Tylenol Warnings and Precautions

To help minimize risks, make sure you are aware of precautions and warnings with Tylenol before taking the drug. For example, you should not treat yourself for a fever for more than three days or pain for more than ten days. Prior to taking Tylenol, make sure to let your healthcare provider know if you have liver disease, G6PD deficiency, or any allergies.

Tylenol: What Should I Tell My Healthcare Provider?

You should talk with your healthcare provider prior to taking Tylenol® (acetaminophen) if you have:
  • Liver disease, such as cirrhosis, liver failure, or hepatitis
  • G6PD deficiency
  • Any allergies, including allergies to food, dyes, or preservatives.
Also, let your healthcare provider know if you:
  • Are pregnant or thinking of becoming pregnant
  • Are breastfeeding
  • Drink alcohol regularly.
Make sure to tell your healthcare provider about all other medicines you are taking, including prescription and non-prescription medicines, vitamins, and herbal supplements.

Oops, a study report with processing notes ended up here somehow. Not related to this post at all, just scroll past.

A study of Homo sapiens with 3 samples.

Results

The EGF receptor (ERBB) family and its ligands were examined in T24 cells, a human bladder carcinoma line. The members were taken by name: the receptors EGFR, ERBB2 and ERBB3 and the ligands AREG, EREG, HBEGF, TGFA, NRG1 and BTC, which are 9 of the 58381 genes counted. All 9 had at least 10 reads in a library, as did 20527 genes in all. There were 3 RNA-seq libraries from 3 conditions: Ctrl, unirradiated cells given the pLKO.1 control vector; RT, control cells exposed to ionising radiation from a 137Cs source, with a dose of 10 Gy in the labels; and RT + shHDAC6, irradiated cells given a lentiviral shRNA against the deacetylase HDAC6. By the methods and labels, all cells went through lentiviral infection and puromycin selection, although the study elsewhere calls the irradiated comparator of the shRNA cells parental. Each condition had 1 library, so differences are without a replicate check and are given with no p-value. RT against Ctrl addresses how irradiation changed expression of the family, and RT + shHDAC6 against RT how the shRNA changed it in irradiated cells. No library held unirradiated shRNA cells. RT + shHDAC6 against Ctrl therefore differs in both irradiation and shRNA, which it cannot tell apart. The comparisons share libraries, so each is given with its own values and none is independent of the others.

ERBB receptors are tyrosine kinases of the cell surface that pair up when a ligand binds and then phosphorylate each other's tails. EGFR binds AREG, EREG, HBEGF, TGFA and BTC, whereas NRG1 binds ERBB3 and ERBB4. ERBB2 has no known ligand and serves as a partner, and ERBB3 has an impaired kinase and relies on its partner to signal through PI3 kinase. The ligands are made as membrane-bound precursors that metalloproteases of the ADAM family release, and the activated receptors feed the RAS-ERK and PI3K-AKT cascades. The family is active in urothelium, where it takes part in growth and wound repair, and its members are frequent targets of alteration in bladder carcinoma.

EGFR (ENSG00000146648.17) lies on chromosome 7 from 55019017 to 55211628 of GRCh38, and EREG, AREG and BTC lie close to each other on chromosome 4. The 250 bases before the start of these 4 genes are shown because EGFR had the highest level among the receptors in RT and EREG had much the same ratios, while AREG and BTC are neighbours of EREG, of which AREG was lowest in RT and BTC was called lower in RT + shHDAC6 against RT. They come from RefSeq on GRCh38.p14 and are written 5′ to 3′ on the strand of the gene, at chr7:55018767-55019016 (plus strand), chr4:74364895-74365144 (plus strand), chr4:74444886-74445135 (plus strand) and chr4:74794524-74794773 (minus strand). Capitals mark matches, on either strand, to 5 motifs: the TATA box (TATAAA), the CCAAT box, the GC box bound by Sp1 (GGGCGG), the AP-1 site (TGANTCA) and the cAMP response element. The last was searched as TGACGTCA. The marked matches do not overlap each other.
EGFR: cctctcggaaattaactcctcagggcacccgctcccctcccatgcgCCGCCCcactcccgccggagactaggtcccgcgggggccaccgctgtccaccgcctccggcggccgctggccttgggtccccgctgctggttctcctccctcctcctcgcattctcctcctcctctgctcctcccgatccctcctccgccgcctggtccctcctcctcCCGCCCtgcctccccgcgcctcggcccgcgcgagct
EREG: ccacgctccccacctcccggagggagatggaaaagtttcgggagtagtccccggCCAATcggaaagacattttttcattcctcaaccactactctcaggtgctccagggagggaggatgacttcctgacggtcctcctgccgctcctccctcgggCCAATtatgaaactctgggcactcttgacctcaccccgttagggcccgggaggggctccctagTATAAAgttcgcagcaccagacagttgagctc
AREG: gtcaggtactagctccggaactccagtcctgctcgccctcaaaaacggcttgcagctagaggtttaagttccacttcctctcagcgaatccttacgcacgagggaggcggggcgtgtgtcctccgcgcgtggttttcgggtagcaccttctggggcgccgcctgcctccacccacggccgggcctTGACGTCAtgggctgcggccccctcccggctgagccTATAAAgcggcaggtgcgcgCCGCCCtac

Specific Precautions and Warnings With Tylenol

Warnings and precautions to be aware of prior to taking Tylenol include the following:
  • Tylenol can damage the liver. Therefore, if you already have liver problems, you should talk to your healthcare provider before taking Tylenol.
  • If you drink three or more alcoholic beverages per day, your body may not handle Tylenol as well as it should. This means that you may develop Tylenol toxicity at lower dosages than normal. If you drink alcohol regularly, do not take this drug without talking to your healthcare provider (see Tylenol and Alcohol).
  • Tylenol can interact with other medications (see Tylenol Drug Interactions for more information).
  • You should not treat yourself for a fever for more than three days or pain for more than ten days. You may have a serious problem that requires medical attention. Also, contact your healthcare provider if your pain or fever gets worse or if swelling is present.
  • Tylenol may increase the risk of serious problems in people with G6PD deficiency (a low amount of a certain enzyme in the body). If you have such a deficiency, do not take Tylenol without your healthcare provider's approval.
  • Some people who are allergic to salicylates (such as aspirin) may also be allergic to Tylenol. However, many people with such allergies can take this drug without any problems.
  • Tylenol is considered a pregnancy Category B medication. This means that it is probably safe for use during pregnancy (see Tylenol and Pregnancy).
  • Tylenol passes through breast milk. However, it is generally considered safe for breastfeeding women and their infants (see Tylenol and Breastfeeding).